Complexions Contemporary Ballet
Updated: Jan 24
January 29, 2020
Artistic Directors: Dwight Rhoden and Desmond Richardson
The Company: Jared Brunson, Jillian Davis, Thomas Dilley, Vincenzo Di Primo, Craig Dionne, Larissa Gerszke, Brandon Gray, Maxfield Haynes, Tatiana Melendez, Khayr Muhammad, Daniela O’Neil, Simon Plant, Miguel Solano, Tim Stickney, Eriko Sugimura, Candy Tong, Megan Yamashita
Apprentice: April Watson
Trainees: Jacopo Calvo, Kaeli Ware, Aidan Wolf
If there is a company with more stamina than Complexions Contemporary Ballet, I haven’t seen them. Everything you’d expect from a world class ballet company- precision, clarity, virtuosity- combines with the fluidity of contemporary dance at dazzling speeds. The sheer amount of high voltage dancing these performers are capable of executing with unwavering exactitude is stunning. Insectile undulations and hard hitting lines materialize at warp speed. Dancers run and slide on and off stage like a driving wind. Bach 25 opens with all 17 dancers in the company cycling through a series of classical ballet port de bras that sparkle like sunlight off crystal. Choreographer and Co-Artistic Director Dwight Rhoden brings to life the flurry of notes in music composed by Johann Sebastian Bach and Carl Phillip Emanuel Bach. A duet in the foreground is highlighted by contrasting yet complimentary solos in the background, creating a prismatic effect. Even the pad de deux in Rhoden’s work are done at dizzying speeds as dancers use weight and momentum to shift into precarious shapes, and there is evident vulnerability and trust in the velocity with which the dancers twine around each other. Surprising moments, women supporting men in promenades and arabesques, and a short gestural solo in silence, are gifts among the inundation of movement. Rare moments of sculptural stillness are exceptionally pleasing.
However, I cannot help but hear the admonition of Doris Humphrey echo in my mind. “All dances are too long.” As Bach 25 unfolds, I wonder if this is the last piece Rhoden is ever going to make. There is a point at which even the strongest, most sensational and beautiful dancing becomes overbearing. Movement phrases packed to the max with steps, dexterity, and momentum attack like bullets and inevitably become a wash. There is only so much the eyes can see and the brain can process before numbness settles in and we begin to miss the point. Or stop caring altogether. Captivating gestures flash by too quickly- an arm poised at an extreme angle behind the head, like a broken wing. They demand attention but are immediately lost in the ceaseless barrage of movement, to a dulling effect.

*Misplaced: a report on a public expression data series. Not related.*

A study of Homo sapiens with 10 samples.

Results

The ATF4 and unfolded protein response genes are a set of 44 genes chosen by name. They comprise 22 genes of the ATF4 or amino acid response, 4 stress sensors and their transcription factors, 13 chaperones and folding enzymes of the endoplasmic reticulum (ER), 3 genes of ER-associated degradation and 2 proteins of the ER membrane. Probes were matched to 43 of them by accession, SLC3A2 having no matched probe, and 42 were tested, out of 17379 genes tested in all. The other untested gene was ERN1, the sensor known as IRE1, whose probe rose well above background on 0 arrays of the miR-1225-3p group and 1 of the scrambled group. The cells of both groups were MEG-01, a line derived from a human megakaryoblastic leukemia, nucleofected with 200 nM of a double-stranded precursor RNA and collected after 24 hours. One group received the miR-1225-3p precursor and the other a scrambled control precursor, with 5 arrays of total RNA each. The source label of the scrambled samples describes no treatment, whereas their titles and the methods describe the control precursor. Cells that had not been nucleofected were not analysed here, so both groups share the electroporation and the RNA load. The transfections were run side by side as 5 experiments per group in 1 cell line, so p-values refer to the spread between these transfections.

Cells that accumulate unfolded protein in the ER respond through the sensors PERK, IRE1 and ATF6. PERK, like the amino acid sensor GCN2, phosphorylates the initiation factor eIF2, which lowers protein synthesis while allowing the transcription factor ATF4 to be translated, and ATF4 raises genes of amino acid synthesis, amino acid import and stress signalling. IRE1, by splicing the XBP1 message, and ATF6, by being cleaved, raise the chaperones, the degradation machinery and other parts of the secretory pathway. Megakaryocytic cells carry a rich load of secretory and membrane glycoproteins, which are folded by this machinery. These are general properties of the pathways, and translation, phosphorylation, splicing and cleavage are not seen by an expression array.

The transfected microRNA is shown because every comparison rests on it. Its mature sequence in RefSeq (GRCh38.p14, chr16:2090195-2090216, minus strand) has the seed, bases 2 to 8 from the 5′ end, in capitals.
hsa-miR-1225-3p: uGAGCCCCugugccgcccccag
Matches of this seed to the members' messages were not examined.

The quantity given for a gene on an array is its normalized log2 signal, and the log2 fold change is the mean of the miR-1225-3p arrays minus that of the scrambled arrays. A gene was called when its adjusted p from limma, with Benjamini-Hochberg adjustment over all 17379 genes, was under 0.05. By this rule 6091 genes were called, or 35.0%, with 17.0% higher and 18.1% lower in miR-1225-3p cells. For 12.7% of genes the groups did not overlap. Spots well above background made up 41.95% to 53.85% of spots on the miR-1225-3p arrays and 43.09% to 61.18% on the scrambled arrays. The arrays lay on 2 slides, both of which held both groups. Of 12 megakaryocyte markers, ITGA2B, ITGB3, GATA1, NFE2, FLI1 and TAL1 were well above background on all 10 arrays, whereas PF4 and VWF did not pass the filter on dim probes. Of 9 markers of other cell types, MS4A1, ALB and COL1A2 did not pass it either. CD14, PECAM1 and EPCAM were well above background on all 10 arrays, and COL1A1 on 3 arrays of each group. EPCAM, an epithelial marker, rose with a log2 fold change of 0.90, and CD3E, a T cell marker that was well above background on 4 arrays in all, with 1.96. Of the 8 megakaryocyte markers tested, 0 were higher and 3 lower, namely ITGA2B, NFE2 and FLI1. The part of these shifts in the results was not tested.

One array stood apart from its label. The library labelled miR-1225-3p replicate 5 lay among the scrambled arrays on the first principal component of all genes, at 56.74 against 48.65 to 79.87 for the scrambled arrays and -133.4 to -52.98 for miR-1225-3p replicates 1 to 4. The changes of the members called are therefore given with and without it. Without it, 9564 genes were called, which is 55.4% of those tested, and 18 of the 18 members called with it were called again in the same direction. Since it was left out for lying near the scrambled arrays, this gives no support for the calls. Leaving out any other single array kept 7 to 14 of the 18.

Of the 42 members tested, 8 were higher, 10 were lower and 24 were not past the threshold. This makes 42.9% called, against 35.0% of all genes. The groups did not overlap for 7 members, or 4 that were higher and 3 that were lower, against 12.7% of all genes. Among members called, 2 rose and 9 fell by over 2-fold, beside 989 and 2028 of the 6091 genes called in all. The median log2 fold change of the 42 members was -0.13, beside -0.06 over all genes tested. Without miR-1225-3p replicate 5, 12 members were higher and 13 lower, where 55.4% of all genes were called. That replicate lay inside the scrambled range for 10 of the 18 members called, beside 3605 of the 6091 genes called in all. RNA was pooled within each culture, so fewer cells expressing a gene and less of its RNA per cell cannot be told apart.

Similarly full of gorgeous choreography and brilliant execution, Woke, a jazzy, back-lit, hip-hop inspired ballet, opens with the same relentless drive. Even when the music slows down, the dancers do not. Music and movement often do not correlate, perhaps on purpose to create a sense of mental discord, perhaps in service of a more- is-better- mentality. The score, designed by Cory Folta, includes a rap that riffs on the acronym RIP. Rest in Peace, Really I’m Pissed, Rewind it Please. The socially relevant poem admonishes society to wake up and confront racial and political injustices, take action instead of quietly accepting the status quo, and come together to create change. But these heavy themes are merely put on top of the same movement and the two do not connect. There are moments of nuanced suspension and arrest- a sensual hip swivel or syncopated shoulder isolation- but in such a densely packed movement montage, those moments are not enough to satisfy.
For the viewer there is much to appreciate. Jillian Davis’ serpentine power commands attention. Vincenzo Di Primo captivates with a sexy, sultry charm. Each of the twenty dancers in the company bring a unique presence to the stage. However, for the thinker, much is lacking. A company boasting impressive ethnic diversity is anything but diverse in its choreography, at a great disservice to the dancers it employs. Rhoden hailed as “one of the most sought after choreographers of the day” by the New York Times, has continually been criticized for the lack of divergence in his work. The power and stature he possesses to not only build a company of this magnitude, but to survive in a highly competitive field without artistic evolution, is telling. Had Rhoden not already been who he was as a dancer, an immense talent with a prestigious career in the Alvin Ailey American Dance Theater among other world class companies, would Complexions Contemporary Ballet currently be enjoying the same prominence? It is a moot yet interesting question. Which begs other questions. As an artist, while able and certainly entitled to ignore criticism, is that always a beneficial choice for the work you make? Where is the balance between the outward trappings of success and the inner drive to evolve your craft?